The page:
PJ Banville confident New York can put it up to Galway
Wexford forward has the best of both worlds playing football while travelling
Wexford forward PJ Banville has won four county football medals with Horeswood. Photograph: Ryan Byrne/Inpho.
Connacht Senior Football Championship New York v Galway Sunday, Gaelic Park, 8pm (3pm New York time) It’s a long way from Horeswood to the Bronx and for PJ Banville it’s only the beginning. Because every New York footballer is on a journey of some sort, and Banville is no exception.
On the artificial playing turf that is Gaelic Park, he’ll make his championship debut for New York, swapping over from the Wexford football jersey he’s worn all his life.
In fact New York have never won a championship match, and while Galway were somewhat lucky to escape on their last visit, in 2010, nothing about this game suggests history in the making.
Still, for Banville, one of Wexford’s star forwards for the last decade it’s all part of the journey. He’d made his mind up, towards the end of last year, that at age 29, he hadn’t many years left to go travelling: 2015 would be that year.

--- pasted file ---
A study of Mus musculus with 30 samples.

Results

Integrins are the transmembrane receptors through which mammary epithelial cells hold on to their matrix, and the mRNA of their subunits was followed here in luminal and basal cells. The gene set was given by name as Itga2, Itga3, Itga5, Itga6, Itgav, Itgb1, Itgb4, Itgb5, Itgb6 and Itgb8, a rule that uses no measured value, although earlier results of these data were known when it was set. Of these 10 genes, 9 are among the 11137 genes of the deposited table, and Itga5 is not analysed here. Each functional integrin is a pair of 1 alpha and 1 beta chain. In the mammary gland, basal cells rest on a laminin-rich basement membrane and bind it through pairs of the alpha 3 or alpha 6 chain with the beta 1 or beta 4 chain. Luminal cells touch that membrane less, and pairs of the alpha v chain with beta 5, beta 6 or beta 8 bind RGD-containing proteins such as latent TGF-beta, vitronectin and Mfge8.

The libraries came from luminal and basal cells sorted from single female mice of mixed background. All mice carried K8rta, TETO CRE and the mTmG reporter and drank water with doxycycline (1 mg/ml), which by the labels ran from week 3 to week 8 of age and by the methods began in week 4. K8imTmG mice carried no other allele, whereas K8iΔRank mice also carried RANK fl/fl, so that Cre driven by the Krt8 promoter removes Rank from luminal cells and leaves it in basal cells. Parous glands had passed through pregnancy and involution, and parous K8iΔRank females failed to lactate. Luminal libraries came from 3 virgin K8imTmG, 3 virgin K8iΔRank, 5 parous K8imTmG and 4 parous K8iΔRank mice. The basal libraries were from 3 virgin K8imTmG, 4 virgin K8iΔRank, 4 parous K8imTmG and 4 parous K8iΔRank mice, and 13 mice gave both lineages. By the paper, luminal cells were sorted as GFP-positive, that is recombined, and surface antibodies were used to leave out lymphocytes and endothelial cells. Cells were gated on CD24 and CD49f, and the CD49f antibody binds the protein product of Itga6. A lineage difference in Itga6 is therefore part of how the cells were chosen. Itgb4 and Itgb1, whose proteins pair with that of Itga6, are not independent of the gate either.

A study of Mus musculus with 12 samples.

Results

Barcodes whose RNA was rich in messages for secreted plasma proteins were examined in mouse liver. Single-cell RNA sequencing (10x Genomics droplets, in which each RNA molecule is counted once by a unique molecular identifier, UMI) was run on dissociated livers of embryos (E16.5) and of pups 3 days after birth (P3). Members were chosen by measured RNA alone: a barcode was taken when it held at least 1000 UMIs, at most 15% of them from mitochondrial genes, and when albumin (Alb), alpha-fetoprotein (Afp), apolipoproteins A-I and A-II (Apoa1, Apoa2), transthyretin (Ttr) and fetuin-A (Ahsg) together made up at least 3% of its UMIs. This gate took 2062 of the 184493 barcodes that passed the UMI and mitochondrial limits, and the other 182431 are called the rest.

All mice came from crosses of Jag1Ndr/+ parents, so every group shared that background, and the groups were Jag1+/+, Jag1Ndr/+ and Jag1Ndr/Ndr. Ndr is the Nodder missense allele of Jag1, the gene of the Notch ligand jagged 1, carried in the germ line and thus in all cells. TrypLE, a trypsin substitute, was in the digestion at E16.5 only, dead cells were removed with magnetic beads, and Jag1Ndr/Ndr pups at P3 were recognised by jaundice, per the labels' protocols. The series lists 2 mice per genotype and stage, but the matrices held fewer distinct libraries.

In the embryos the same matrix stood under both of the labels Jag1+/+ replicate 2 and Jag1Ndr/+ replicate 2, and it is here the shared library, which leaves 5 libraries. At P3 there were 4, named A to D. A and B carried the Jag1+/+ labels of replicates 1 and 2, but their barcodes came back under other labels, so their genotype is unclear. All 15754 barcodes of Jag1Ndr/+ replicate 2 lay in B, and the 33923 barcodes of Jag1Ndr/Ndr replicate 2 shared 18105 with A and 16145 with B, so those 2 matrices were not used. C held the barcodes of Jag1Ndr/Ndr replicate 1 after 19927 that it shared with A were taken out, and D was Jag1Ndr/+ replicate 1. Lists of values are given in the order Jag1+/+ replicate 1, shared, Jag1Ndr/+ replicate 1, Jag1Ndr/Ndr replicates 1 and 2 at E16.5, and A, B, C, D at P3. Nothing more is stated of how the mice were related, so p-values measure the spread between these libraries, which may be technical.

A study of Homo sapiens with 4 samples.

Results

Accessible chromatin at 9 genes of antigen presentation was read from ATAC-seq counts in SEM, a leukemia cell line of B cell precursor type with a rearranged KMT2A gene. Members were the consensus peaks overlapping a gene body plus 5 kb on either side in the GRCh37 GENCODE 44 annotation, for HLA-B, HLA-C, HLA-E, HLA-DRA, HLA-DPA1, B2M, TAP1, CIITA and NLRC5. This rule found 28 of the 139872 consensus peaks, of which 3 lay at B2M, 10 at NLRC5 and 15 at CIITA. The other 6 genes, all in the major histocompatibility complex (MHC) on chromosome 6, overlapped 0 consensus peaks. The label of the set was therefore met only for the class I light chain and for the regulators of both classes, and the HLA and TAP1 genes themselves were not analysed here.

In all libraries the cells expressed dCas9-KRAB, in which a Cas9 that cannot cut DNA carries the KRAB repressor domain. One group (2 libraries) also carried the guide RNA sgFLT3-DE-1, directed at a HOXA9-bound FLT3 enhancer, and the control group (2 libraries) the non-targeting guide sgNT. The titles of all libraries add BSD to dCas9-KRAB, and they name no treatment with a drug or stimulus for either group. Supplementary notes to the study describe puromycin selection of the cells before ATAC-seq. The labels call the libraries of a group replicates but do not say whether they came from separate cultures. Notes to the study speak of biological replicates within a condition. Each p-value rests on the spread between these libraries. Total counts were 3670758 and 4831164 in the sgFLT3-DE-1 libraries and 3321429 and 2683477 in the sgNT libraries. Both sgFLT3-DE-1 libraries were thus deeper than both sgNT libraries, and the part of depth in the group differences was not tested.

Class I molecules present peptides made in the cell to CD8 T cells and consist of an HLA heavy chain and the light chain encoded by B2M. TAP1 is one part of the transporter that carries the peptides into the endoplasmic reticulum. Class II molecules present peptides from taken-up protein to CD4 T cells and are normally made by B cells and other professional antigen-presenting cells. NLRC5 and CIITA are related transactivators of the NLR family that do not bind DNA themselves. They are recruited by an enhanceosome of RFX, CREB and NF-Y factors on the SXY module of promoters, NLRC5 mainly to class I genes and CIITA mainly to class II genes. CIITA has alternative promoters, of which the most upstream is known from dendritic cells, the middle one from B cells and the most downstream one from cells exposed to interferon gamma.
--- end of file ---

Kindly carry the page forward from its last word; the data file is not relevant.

At the same time he didn’t want to abandon his football, so when he first stopped off in New York, several months back, he contacted New York manager, Ian Galvin, to let him know he was in town: Galvin, naturally, got him up to the Bronx with directions to Gaelic Park, and with that Banville agreed to stick around until New York’s championship Sunday.
“My main motivation was to go travelling,” says Banville. “I was after giving 10 years, with Wexford, and just thought the time was right to take a year out. And I was here last summer, really liked it, and said I’d come back for a while in the new year. Ian (Galvin) was on to me then, and I said look ‘I’ll stay and play football’.
“I love football that much. It’s hard just to not play, to give up for one year, and just do nothing. And it’s a nice change as well. ”
“Yeah, I’m planning on travelling around the world, with my girlfriend,” he says. “We’ll see how Sunday goes, but yeah, we’ll probably head off in the middle of next week, somewhere.”
Not that Banville is giving his services to New York for the sheer enjoyment of it: he honestly believes they can put it up to Galway.
“Definitely,” he says. “We had two good games against Cavan, recently, and for anyone who was in Gaelic Park, that night, and you didn’t know which group of players were which, it would have been hard to figure out that Cavan were the county team, to be honest about it.
“So there’s real confidence going into this game. And it is very professional over here. We train as hard, have the same meetings. All the work is still put in the same as it’s put in at home. There’s no stone unturned. Galway, we know, are a very good team, and we’ll give them a lot of respect. But anything can happen.”